When I came to Atomic nearly five years ago, I joined the largest development team I had ever known. We had four developers from Atomic and two from the client working directly with us, as well as the client’s QA staff, an operations engineer assigned to our team, and the client’s software architect checking in.
It was an eye-opening experience, especially as up until that point, I’d mostly worked on small teams where everything was owned by a single person, with collaboration only around the edges. Thankfully, Atoms were happy to practice Teach and Learn, helping me see how I could Own It in a space like this.
1. We Own It, Together
On this team, we had a mix of senior and junior Atoms along with the client’s developers, all at various skill levels. In a team shaped like this, the temptation to sink into an “us vs. them” mentality is strong, especially as development styles and practices diverge.
At one point, we found ourselves in our office discussing problems with a recent feature implementation and what we could do to improve it. I was talking through the changes and said, “And here, so-and-so created this problem…”
A senior Atom who had lots of experience on large teams at Atomic and elsewhere suggested a better way to frame the issue. “This isn’t that person’s code—this is our code. We have a problem, and we are going to fix it.”
It’s so easy to don blinders and say, “That’s not my problem”, especially when developers gravitate toward specialization in specific areas or technologies and we feel justified in doing so. But that approach builds animosity and further drives us apart when we should be working together.
The code belongs to all of us, and the responsibility to make it good does, too. When we all own that, the rising tide lifts all boats.
2. We Step Up
Another problem that rears its head all too often, especially when we distribute larger teams instead of colocating everyone, is that nobody really wants to stop what they’re working on to help someone else far away, especially if they feel like it’s not their place.
When we experience a dynamic like this, problems can stagnate, block, and frustrate. People located in one place can resent people elsewhere, feeling like they have somehow not anticipated unspoken needs.
It’s everyone’s job to take care of these kinds of issues. Watch the rest of your team to see if someone’s handling the bulk of the problems, and work to spread that load around. Own the whole project, not just your corner. Actively investigate ways to make sure people have the tools they need to solve those problems in the future.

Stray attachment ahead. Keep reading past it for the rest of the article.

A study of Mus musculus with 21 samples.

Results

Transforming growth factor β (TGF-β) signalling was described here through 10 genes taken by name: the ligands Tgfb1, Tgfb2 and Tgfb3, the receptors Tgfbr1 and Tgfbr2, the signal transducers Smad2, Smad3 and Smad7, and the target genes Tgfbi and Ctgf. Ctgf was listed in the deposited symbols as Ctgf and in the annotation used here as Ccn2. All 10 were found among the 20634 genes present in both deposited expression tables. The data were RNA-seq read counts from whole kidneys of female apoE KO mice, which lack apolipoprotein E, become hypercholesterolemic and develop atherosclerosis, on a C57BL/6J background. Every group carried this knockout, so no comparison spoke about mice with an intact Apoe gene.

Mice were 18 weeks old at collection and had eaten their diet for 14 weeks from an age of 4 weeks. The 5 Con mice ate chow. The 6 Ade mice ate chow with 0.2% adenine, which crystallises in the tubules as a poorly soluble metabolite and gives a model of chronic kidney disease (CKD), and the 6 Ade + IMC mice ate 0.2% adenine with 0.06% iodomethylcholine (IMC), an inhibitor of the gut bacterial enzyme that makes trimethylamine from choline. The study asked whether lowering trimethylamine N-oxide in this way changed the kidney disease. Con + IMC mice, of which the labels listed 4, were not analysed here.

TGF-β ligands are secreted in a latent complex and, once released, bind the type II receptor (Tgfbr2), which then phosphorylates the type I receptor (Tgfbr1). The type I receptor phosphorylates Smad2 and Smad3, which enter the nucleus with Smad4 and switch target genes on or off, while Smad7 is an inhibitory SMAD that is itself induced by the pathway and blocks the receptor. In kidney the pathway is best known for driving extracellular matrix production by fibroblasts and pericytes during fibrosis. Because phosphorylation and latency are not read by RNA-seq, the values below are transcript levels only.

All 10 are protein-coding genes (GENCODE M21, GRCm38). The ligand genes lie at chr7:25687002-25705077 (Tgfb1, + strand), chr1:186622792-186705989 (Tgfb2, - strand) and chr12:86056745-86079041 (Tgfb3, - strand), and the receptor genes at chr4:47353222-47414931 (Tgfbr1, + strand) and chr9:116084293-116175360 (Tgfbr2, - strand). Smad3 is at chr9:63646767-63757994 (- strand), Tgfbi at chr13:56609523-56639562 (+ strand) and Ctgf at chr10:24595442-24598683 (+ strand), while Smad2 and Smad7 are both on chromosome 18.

We also need to communicate that help is happening, using the same communications medium that carried the call for help. If we just turn our attention to something without letting everyone who saw the problem know, we create assumptions. If it’s quiet, team members may assume that either nobody or someone else is working on something, leading to duplication of effort and frustration on the part of the person who had the problem.
If your team assigns someone to delegate, make sure that person is delegating quickly, effectively, and fairly—and especially make sure that they’re not taking everything on themselves. Don’t let them delegate forever, either—spread that responsibility around, too.
3. We Address Issues when We Need To
Sometimes, even when we do our best to make sure that everyone has equal responsibility for a codebase, it becomes evident that some people may need extra help or just aren’t a good fit for the team. No amount of collective owning it can fix this—we need to address this problem with surgical precision.
This is not a job for the entire team. This is a job for someone who is (or possibly a pair of someones who are) calm, collected, and can articulate the problem clearly. Have these conversations in as small a group as possible, bringing in either the person in question (if it’s safe) or someone who is responsible for them.
Owning it on a large distributed team looks different than on a small co-located one. It’s critical to use inclusive language, to communicate, to step up even if it’s outside your comfort zone, and to make sure you’re addressing problems promptly.
By bringing together people who all effectively and collectively own a project, we ensure that we deal with problems efficiently, share knowledge and responsibility, and deliver better software quickly.